Conflict or confrontation in young adult fiction is an interesting topic for me, especially whether or not I try to avoid it. Instinctively I think I would like to. In my real life I admit I’m not a fan of confrontation. It’s hard for me. I’m kind of a people pleaser by nature and mostly I get a sore stomach when I have to deal with people who are angry or quarrelsome. I’ve gotten better at it. It does get easier with practice and my years working as a sales rep certainly helped. I got pretty good at dealing with conflict by mentally preparing myself but at the end of the day I needed to go home and have quiet time and alone space to recover. Curl up in the fetal position until I chilled out.
So what about in my work as a writer? I certainly hope I stay true to my belief that in my fiction work, I don’t avoid conflict either. I want to. I want to be nice to my characters. I don’t want them to do some of the horrible yet human things they do or think. Part of me wants to please the moms and dads of my YA readers, the ones who don’t like swear words or sexual tension or ugly feelings or the brutal reality of life. But if I’m being true to characters and true to stories that I’m writing I can’t avoid conflict. I love to look at dark emotions. Dark moments that resonate in most people in touch with themselves.
When I’m writing I have to make a conscious effort to ignore critics who live in my head or stay perched on my shoulders. Critics who try to voice their opinions about what I’m writing. Like my husband and his religious family who would prefer I don’t swear or use the Lord’s name in vain. I have to ignore them. I love them, but I can’t listen when I’m writing. I often just pretend or hope that some people I know won’t read my books. I am compelled to write about dark issues.
I am pretty open about things like teenage drinking, drugs or sexuality. I strive to develop flawed characters who make mistakes, but whose mistakes don’t necessarily make them horrible people. I believe that all of us are capable of some pretty dark moments. Most of us have done things we’re deeply ashamed of and our hope is not to have those moments exposed. Well, I try to expose them but also show that some mistakes don’t make people bad -the end. There are limits of course, but I guess those limits are individual. When can we forgive? When is the line that is crossed one that can’t be returned from? That is something I like to explore.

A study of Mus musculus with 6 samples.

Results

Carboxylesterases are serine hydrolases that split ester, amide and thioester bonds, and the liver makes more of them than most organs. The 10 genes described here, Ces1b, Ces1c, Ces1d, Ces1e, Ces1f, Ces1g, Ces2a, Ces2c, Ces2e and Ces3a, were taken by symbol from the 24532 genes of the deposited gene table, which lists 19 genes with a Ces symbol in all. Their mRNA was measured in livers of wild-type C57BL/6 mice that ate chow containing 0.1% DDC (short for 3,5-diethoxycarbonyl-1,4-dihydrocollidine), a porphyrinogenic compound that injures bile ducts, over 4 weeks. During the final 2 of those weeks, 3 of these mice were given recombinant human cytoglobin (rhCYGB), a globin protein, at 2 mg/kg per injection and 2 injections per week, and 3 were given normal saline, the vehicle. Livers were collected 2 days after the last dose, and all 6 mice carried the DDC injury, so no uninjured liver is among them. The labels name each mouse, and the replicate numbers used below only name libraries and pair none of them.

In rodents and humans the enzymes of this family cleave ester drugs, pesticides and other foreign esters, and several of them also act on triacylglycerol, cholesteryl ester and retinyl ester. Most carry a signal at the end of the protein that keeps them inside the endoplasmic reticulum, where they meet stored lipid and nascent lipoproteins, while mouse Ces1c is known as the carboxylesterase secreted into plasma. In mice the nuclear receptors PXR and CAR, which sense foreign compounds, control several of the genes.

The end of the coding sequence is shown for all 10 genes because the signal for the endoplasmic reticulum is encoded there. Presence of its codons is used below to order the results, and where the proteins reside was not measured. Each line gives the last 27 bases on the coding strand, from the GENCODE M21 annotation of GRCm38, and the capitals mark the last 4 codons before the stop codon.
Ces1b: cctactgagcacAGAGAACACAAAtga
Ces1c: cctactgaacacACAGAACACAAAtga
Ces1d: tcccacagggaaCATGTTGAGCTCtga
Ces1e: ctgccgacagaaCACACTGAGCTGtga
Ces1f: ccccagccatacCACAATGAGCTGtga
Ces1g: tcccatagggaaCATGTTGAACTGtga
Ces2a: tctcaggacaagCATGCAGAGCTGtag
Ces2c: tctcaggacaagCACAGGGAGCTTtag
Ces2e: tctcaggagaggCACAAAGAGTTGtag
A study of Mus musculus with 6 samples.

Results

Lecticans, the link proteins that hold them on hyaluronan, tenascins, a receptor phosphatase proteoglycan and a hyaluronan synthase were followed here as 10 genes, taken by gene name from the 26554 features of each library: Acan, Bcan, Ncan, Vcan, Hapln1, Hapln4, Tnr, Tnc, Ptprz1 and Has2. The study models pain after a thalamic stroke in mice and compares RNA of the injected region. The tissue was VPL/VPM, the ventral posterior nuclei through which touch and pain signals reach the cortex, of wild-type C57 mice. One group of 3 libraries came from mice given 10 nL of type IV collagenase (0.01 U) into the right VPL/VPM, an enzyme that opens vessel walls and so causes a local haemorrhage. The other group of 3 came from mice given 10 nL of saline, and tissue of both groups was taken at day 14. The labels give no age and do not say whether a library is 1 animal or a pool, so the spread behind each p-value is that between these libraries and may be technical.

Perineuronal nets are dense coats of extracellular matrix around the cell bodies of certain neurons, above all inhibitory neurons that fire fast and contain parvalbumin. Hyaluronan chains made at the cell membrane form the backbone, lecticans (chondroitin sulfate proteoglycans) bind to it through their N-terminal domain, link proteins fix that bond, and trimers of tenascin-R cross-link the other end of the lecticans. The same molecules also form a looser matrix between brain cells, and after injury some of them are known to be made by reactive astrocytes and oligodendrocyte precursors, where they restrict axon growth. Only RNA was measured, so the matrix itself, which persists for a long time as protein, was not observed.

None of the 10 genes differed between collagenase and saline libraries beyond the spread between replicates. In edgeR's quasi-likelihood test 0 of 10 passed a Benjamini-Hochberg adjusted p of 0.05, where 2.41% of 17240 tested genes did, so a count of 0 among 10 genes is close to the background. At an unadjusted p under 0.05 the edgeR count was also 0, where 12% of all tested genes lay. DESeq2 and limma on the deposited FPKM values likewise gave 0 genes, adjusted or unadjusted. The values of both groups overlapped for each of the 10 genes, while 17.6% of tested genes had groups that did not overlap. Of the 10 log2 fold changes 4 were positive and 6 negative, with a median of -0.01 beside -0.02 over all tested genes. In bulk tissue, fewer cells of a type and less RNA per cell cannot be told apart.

I think the other belief I have, and something I hope rings clear in my work is that I have faith in people. Yes, I make my characters confront their darker moments but to me despite these moments, they still have value and in the end find opportunities to redeem themselves. Or forgive themselves. That doesn’t mean they can always be forgiven by others, but they have the potential to move forward. Live productive lives. And yes, I realize I am talking about pretend people and pretend lives. J
In IF I TELL, the main character Jaz, is dealing with a lot of flawed characters in her life. Her mom, her mom’s boyfriend and most of the kids she goes to school with. Herself. They’ve all done some pretty horrible things. There is definitely conflict in the story. Some of it makes me uncomfortable. I don’t like what some of the characters do or have done in their past, and I don’t like the way some of them behave. But, I am also striving to illustrate that there is often a good person underneath repulsive or shocking things we’ve done. That as human beings we are capable of redemption.
Of course, there are other who are rotten and won't change. The true bad guys. One of the challenges in life is figuring out which people belong to which categories. And where we fit in as well.